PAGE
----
Review: Tenet

Score: A

Director: Christopher Nolan

Cast: John David Washington, Robert Pattinson, Elizabeth Debicki, Kenneth Branagh

Running Time: 150 Minutes

Rated: PG-13

"At this point, nothing surprises me."

Laden in secrecy for what feels like forever, Christopher Nolan's Tenet is a film many have been longing for since the global pandemic caused theaters to shut down in March. Now, after a slew of rescheduled release dates and a fear that we'd have to wait until 2021, the time has arrived to witness the cinematic masterpiece.

In typical Nolan fashion, Tenet is a work of pure genius that is, at times, taxed with unnecessary complexities and cleverly disguised misdirections. The famed director's formula remains intact as he works to push the barrier of understanding through a medium often seen as a visual escape. But on the other side of the compounding need to organize your thoughts as you sort through the intricacy of the plot and its leading players, you get a film that is both mentally horrifying and visually breathtaking.

John David Washington plays a CIA operative recruited by a mysterious organization known only as Tenet to participate in a global assignment that slowly unfolds beyond real time. With no information to start from, he must sort out the details, uncover the mission, and prevent the start of World War III, all while comprehending a concept that counters how we move, think, and exist: time inversion.

As one would expect, Tenet opens at a level ten. As you lay witness to an intense and violent opening sequence, the film immediately sets its tone. Put on edge, you must work to decipher the individual movements and make sense of the structured chaos. It's a lot to take in, especially at Nolan's pace. But the start is necessary considering the heightened level of adrenaline that stems throughout.

As the film progresses and we ingest more of the story's intricate details, supporting players allow the larger picture to take focus. Robert Pattinson shines as Neil, a proverbial sidekick to our main protagonist. Don't be fooled, Neil has secrets, none of which he is willing to share. He relies on trust to navigate the assignment's murky waters, always a step ahead of his counterpart as they work to uncover their primary purpose within the context of the new world. Though overlooked until the final moments, Pattinson's chemistry with Washington is one of the more essential aspects of the film. It allows the narrative structure to close and bring a greater sense of understanding of the film's primary directive.

Elizabeth Debicki plays Kat, a smart but overextended wife to Kenneth Branagh's Andrei Sator, the man at the center of a potential world war. Debicki earns high marks for her performance. Kat's unique blend of independence and naiveté allows her to appear authentic and relatable. Her heartache is real as she struggles to survive a relationship she isn't happy in for the sake of her son. That said, her romantic connection with our main protagonist proves to be one of the film's few forced elements.

Those occasional missteps are more than compensated for by the film's near-flawless presentation. Backed by an incredible score by Ludwig Göransson, we are gifted an artistic creation that successfully challenges the way we think, forging the industry into new, welcomed territory.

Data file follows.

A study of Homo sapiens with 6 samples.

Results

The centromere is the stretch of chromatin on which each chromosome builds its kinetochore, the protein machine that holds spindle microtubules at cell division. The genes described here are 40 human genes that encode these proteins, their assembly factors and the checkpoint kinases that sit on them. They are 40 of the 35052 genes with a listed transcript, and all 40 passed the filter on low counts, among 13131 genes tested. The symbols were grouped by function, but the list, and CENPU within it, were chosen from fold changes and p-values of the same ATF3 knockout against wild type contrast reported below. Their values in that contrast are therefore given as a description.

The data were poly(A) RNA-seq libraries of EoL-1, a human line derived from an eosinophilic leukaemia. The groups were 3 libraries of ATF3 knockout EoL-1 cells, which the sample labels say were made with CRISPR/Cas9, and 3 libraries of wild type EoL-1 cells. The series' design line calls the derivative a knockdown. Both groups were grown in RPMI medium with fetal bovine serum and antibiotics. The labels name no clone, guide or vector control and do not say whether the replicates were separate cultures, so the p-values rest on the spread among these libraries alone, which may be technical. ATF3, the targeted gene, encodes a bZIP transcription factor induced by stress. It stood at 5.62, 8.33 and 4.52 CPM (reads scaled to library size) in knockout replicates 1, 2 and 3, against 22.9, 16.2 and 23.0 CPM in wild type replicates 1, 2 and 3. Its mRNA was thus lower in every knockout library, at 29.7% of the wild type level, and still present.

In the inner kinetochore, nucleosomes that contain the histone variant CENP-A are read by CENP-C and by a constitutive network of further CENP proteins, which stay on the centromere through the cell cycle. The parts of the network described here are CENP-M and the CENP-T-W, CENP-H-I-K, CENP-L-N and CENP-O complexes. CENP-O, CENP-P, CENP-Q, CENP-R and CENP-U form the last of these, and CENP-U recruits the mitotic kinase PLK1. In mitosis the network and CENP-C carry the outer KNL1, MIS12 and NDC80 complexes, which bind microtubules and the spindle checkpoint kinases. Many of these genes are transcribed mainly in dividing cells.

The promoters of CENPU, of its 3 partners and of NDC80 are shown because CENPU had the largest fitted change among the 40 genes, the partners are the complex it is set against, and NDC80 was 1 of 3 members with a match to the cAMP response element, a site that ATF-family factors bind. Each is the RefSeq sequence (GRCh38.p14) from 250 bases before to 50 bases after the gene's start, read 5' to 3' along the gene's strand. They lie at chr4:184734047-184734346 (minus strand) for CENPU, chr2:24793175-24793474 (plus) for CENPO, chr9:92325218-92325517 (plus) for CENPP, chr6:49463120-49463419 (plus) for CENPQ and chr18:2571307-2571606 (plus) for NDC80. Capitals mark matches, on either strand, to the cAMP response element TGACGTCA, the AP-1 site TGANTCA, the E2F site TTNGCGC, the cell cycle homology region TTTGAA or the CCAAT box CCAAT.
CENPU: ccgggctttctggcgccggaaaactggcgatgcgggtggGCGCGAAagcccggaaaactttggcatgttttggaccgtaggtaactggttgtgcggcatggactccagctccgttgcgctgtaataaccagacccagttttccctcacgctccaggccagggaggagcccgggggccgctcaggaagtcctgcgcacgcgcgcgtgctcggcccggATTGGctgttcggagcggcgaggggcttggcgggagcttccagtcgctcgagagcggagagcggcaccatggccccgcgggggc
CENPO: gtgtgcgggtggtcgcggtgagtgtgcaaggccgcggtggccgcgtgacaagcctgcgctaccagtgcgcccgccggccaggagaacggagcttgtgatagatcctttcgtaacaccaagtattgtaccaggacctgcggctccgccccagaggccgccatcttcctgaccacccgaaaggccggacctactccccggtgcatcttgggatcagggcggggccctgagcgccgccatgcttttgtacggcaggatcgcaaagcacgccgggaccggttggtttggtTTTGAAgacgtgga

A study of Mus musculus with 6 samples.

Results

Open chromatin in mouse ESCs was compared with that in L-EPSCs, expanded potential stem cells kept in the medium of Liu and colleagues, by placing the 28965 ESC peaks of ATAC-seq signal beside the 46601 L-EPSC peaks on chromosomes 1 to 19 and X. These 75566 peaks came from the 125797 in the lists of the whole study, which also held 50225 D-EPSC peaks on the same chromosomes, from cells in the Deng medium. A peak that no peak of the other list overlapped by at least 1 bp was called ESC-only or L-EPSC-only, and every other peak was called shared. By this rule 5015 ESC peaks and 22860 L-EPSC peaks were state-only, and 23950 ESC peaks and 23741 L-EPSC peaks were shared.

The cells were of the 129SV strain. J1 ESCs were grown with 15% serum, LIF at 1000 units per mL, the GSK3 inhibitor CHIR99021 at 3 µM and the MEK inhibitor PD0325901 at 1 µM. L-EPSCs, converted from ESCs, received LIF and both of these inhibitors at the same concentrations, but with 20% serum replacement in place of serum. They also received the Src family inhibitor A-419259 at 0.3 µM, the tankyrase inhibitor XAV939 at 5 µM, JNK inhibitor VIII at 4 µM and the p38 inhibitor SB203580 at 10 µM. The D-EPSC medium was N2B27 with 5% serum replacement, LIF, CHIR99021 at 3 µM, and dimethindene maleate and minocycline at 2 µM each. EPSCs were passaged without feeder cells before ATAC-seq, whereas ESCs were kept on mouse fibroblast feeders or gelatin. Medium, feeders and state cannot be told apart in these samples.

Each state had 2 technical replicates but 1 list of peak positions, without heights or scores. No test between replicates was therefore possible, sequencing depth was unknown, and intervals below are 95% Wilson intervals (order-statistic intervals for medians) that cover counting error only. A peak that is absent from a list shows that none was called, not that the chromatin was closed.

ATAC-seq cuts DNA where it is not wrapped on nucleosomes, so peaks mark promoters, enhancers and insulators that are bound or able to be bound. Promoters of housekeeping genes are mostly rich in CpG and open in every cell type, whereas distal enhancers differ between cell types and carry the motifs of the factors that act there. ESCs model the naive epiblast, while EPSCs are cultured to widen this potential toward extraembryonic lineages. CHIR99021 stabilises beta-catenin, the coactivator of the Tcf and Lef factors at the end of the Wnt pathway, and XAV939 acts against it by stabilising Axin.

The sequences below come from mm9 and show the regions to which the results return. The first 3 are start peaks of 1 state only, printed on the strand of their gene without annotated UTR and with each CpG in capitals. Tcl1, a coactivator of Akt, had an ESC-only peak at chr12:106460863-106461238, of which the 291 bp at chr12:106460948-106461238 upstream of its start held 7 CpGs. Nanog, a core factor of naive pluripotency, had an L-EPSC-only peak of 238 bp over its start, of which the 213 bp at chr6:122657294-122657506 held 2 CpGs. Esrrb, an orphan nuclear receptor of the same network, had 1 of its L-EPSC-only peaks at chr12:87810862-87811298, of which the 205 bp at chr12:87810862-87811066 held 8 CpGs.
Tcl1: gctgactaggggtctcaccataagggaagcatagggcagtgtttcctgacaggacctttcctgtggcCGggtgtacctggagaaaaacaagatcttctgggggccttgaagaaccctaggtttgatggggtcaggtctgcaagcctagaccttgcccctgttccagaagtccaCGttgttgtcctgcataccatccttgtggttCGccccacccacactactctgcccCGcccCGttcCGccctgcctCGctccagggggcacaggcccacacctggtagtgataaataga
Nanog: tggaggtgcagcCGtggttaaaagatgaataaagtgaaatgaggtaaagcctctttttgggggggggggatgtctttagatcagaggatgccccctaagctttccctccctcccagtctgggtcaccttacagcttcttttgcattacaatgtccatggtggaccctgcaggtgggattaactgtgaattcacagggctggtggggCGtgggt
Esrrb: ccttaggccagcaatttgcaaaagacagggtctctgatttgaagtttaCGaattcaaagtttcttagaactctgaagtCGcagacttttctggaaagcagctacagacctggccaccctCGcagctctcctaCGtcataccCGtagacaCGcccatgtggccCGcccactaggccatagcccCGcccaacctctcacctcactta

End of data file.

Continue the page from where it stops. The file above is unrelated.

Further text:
Though the film does lull you into a state of unwarranted safety, everyone, even Washington, is disposable. They are all a piece in Nolan's creative arsenal, free to be deployed however he sees fit. The move isn't revolutionary; however, it does add some interesting uncertainties to the paradoxes that can get in the way when you begin to reconceptualize time and its generational effects.

Unlike his past works, which, in their own right, are masterful artistic achievements, there is something different about Tenet. I'm not convinced that the feeling isn't directly related to the theatrical experience. Regardless, this film is one of Nolan's most complete works, sophisticatedly layered and original, giving fans the perfect reason to return to the cinema.


About Stephen Davis

Stephen Davis
I owe this hobby/career to the one and only Stephanie Peterman who, while interning at Fox, told me that I had too many opinions and irrelevant information to keep it all bottled up inside. I survived my first rated R film, Alive, at the ripe age of 8, it took me months to grasp the fact that Julia Roberts actually died at the end of Steel Magnolias, and I might be the only person alive who actually enjoyed Sorority Row…for its comedic value of course. While my friends can drink you under the table, I can outwatch you when it comes iconic, yet horrid 80s films like Adventures in Babysitting and Troop Beverly Hills. I have no shame when it comes to what I like, and if you have a problem with that, then we’ll settle it on the racquetball court. I see too many movies to actually win any film trivia contest, so don’t waste your first pick on me. My friends rent movies from my bookcase shelves, and one day I do plan to start charging. I long to live in LA, where my movie obsession will actually help me fit in, but for now I am content with my home in Austin. I prefer indies to blockbusters, Longhorns to Sooners and Halloween to Friday the 13th. I miss the classics, as well as John Ritter, and I hope to one day sit down and interview the amazing Kate Winslet.